Green practices: Landscape Services composter
April 30, 2012
The mini-basket program implemented at the Physical Plant* got Campus Arborist/Landscape Services Coordinator Paul Swartz thinking. He noticed that most items being thrown in the baskets were food waste or materials that could be reused in another way. When Swartz suggested that Landscape Services purchase a composter, Gerry Dobbs, Landscape Services manager, eagerly agreed.
Composters enable certain non-recyclable waste to decompose into nutrient-rich fertilizer. The large plastic container has a door on top to insert materials. It is suspended on an axel so employees can aerate the compost simply by rotating the container. Rotation occurs once or twice a week, but the need could be more or less depending on the volume of the contents.
Nearly all waste that cannot be recycled can be composted. The list of acceptable materials includes yard waste like dry leaves, woody material and grass; food scraps such as egg shells, fruits, vegetables and coffee grounds; and paper products like newspaper, paper towel and tissues. Meat is the one notable exception that will not break down well.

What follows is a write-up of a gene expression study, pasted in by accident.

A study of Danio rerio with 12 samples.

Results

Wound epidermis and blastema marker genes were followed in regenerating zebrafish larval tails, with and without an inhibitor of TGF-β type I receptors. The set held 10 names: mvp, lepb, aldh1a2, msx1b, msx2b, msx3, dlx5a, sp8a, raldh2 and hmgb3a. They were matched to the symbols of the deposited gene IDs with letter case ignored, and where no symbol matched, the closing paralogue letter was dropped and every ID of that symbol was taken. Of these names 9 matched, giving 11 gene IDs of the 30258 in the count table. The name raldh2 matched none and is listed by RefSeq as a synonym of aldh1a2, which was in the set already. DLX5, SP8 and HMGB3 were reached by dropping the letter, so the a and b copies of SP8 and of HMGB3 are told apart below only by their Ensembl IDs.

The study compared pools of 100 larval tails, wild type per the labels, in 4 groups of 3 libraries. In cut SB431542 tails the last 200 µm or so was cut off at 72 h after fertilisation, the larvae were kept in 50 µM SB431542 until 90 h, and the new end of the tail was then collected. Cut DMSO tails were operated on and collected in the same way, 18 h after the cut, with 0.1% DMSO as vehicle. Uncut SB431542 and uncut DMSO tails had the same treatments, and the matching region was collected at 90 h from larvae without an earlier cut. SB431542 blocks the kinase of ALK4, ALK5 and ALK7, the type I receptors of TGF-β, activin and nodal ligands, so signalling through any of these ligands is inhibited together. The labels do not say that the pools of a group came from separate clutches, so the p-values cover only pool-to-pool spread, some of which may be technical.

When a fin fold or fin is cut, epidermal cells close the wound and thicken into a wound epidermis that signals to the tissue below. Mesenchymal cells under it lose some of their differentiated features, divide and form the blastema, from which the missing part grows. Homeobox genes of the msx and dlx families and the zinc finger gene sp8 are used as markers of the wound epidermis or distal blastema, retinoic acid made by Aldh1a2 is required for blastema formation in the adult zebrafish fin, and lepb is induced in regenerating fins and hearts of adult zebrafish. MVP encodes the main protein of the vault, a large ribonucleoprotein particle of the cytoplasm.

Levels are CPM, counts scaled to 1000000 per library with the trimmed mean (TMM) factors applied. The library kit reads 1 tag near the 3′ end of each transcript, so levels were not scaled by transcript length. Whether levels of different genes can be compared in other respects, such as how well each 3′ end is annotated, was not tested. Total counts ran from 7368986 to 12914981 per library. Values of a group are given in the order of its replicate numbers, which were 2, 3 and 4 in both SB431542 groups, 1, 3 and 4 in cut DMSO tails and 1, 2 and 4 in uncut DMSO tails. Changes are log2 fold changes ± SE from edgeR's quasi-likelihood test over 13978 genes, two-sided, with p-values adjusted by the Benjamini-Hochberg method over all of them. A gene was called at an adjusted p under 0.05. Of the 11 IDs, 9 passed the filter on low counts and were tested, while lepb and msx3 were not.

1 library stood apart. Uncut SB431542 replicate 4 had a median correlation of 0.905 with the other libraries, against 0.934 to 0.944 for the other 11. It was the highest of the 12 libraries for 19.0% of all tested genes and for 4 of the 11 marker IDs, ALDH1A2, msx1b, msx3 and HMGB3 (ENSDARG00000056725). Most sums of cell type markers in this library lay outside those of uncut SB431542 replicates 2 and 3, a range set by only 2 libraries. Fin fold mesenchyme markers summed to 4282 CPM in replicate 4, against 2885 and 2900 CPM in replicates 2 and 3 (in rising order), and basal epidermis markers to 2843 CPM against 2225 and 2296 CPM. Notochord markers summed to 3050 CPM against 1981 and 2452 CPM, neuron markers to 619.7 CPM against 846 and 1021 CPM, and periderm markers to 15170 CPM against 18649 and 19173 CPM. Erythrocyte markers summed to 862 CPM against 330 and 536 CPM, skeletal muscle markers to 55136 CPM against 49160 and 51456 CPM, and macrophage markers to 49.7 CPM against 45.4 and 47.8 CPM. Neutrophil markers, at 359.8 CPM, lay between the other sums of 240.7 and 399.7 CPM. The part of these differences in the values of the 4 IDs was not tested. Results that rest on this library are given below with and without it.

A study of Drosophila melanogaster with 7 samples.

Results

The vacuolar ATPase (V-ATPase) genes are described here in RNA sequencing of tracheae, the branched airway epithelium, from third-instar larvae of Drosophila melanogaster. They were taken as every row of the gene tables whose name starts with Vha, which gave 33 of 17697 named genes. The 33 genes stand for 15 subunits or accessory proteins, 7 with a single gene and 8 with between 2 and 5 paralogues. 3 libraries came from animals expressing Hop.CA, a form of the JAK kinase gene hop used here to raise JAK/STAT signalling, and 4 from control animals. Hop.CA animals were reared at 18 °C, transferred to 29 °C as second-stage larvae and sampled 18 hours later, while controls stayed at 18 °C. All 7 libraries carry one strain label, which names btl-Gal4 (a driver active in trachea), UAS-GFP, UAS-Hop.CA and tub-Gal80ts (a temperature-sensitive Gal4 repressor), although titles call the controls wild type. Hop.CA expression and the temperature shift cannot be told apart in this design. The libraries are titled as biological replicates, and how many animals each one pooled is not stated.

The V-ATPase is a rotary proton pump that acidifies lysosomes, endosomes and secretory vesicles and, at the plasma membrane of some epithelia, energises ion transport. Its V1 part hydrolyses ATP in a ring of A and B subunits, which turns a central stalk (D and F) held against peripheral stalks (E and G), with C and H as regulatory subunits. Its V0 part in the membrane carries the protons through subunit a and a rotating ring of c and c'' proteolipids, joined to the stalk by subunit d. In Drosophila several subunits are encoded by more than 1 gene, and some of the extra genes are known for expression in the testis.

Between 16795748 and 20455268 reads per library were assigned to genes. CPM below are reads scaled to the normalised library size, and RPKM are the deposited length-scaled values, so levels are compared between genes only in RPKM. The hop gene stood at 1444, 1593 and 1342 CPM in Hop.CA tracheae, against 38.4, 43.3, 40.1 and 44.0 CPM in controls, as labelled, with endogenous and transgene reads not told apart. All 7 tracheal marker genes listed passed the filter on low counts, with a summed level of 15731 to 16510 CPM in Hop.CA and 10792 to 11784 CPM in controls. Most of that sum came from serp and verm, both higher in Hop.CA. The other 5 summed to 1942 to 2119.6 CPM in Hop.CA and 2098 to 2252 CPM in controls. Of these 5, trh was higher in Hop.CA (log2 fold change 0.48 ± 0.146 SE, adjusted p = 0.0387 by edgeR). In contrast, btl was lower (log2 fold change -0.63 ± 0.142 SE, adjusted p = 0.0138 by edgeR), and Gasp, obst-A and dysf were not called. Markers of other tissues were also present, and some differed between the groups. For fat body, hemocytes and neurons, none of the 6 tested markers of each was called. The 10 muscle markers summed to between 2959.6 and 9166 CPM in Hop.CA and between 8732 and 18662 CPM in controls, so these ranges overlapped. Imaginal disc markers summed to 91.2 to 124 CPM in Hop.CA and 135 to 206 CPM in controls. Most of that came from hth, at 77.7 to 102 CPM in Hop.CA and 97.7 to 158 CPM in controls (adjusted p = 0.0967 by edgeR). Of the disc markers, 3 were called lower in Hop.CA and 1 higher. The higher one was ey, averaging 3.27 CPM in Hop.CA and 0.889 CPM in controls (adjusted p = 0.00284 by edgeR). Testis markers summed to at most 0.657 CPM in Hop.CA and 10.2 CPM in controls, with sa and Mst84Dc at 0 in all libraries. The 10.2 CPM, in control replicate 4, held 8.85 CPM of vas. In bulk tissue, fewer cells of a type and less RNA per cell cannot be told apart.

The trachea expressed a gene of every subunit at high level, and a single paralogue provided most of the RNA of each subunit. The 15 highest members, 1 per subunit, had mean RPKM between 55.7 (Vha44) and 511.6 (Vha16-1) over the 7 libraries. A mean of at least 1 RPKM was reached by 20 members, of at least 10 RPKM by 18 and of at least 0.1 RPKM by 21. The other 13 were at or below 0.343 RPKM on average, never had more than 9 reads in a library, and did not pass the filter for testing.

The composter behind the Landscape Services building serves two lunchrooms. “Our employees have been really good about adding material to it,” Swartz said. The department has been using the composter for approximately eight months.
To have the most ideal conditions for decomposition, the mix should be approximately 80-percent dry or “brown” material and 20-percent wet or “green” material. Small amounts of water should be added to the mix periodically to keep it damp.
Swartz said that the breakdown process takes about one to two months, depending on the appropriateness of the blend and the environmental conditions. “In summer, the breakdown is quick because of the warmer temperatures,” he explained. ”We were surprised at how quickly it composted.”
When the compost is ready to be used, it should look like rich, brown humus and no longer look like garbage. If portions of the mix are ready to be used but others are not, the composted parts can be shoveled out and the rest left to break down further.
Swartz said that other campus units should consider using composters as well. If there is enough outside space to host the device and enough users to produce a significant amount of waste, it is a realistic possibility.
“I think the main thing is that it gets material out of the waste stream. It’s a demonstration to make people aware of what can be done with composting,” Swartz said.
Green Issue 2012
*Prior to the creation of Infrastructure Planning and Facilities in January 2013, several IPF departments were a part of the now-dissolved MSU Physical Plant. Some historical articles on this website reference that former unit.